These illustrated poetry collections touch on a variety of topics — from the everyday to the prehistoric to the supernatural — but all provide inviting ways to introduce primary readers to poetry.

In Did You Hear What I Heard?: Poems About School, thirty-five poems follow the months of the school year, from “Bus Stop” to “Sing a Song of Summer,” with lots of everyday experiences in between. Kay Winters’s poems are short, mostly upbeat, and funny. Patrice Barton’s digital pictures feature exuberant and active children who seem to be around first-grade–age, with a range of skin colors and ethnicities. (Dial, 4–7 years)

Calef Brown gives his characteristically quirky, funny verse and acrylic and gouache art a spooky twist in The Ghostly Carousel: Delightfully Frightful Poems. The seventeen poems celebrate ghosts, witches, demons, and even fondue-eating cannibals. Each leaves room for kids to wonder what they might see on a “ghostly carousel” of their own creation — an imaginative exercise perfect for the Halloween season. (Carolrhoda, 5–8 years)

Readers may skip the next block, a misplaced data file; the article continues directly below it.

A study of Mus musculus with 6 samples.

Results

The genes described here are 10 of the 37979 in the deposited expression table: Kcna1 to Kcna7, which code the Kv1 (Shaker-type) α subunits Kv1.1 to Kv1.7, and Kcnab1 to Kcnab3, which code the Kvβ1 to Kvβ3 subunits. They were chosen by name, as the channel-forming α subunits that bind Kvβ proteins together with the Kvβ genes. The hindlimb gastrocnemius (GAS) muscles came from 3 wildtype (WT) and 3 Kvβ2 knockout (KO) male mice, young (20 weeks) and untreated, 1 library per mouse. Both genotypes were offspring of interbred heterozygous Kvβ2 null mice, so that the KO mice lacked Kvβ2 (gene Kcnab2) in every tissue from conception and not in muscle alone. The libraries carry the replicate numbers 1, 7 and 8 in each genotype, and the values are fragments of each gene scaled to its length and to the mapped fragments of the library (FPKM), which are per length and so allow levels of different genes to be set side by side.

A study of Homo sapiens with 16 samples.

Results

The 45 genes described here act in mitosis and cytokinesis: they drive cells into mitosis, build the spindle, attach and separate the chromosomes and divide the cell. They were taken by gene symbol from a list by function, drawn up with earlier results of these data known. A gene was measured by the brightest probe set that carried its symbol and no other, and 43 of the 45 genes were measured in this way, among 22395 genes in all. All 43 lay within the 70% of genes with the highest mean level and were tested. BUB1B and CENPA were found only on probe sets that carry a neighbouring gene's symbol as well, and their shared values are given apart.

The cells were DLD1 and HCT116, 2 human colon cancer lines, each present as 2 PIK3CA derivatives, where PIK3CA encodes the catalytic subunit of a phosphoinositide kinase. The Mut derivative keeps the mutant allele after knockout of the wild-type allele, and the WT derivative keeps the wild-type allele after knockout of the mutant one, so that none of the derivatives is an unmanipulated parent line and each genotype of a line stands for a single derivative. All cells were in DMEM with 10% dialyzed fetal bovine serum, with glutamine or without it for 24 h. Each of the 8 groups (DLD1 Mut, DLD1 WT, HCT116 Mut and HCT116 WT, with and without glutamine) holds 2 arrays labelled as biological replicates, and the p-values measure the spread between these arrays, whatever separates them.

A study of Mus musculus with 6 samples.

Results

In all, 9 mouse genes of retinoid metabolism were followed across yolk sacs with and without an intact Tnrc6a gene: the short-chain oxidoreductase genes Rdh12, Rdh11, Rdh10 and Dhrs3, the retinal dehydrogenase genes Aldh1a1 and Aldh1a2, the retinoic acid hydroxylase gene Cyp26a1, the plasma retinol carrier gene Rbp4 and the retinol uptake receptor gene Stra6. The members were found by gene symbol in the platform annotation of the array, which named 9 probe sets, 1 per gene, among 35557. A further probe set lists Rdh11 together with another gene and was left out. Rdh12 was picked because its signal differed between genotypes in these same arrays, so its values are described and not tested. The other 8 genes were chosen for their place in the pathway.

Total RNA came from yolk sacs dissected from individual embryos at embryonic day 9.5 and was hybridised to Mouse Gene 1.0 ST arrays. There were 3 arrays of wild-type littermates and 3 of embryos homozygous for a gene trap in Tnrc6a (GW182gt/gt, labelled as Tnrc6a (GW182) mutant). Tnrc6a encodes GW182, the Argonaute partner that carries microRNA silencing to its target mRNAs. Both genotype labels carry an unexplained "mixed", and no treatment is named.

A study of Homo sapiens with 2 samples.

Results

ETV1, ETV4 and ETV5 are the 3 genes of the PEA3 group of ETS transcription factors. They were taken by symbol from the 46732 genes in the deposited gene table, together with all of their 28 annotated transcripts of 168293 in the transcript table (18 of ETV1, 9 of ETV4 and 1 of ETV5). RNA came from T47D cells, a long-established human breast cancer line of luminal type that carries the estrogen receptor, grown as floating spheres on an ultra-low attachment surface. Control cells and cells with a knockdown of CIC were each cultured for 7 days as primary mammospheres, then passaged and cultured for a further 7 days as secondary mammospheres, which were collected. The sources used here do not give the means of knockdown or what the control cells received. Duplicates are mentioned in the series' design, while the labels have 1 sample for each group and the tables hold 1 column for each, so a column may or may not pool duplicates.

Douglas Florian’s Friends and Foes: Poems About Us All teases out many of friendship’s fundamentals, as well as its more nuanced complexities. Colored-pencil and crayon illustrations on manila paper help keep the mood bright, but also appropriately imperfect and rough. While the poetry vacillates from serious to silly, the tone remains comforting and affirming throughout. Readers will likely recognize aspects of their own friendship dynamics and may find needed humor and solace. (Simon/Beach Lane, 5–8 years)

The imaginative, clever poems of David Elliott’s In the Past introduce ancient animals (all but one extinct), moving chronologically from trilobites in the Cambrian era to woolly mammoths from our current geologic time period, with good representation across species. The poems are knowing, humorous, and filled with scientific details. Matthew Trueman’s dynamic, creatively composed mixed-media illustrations plunge readers into past environments using awe-inspiring perspectives. A timeline is appended. (Candlewick, 5–8 years)

From the October 2018 issue of Notes from the Horn Book.

Shoshana Flax About Shoshana Flax

Shoshana Flax, assistant editor for The Horn Book, Inc., is a former bookseller and holds an MFA in Writing for Children from Simmons College.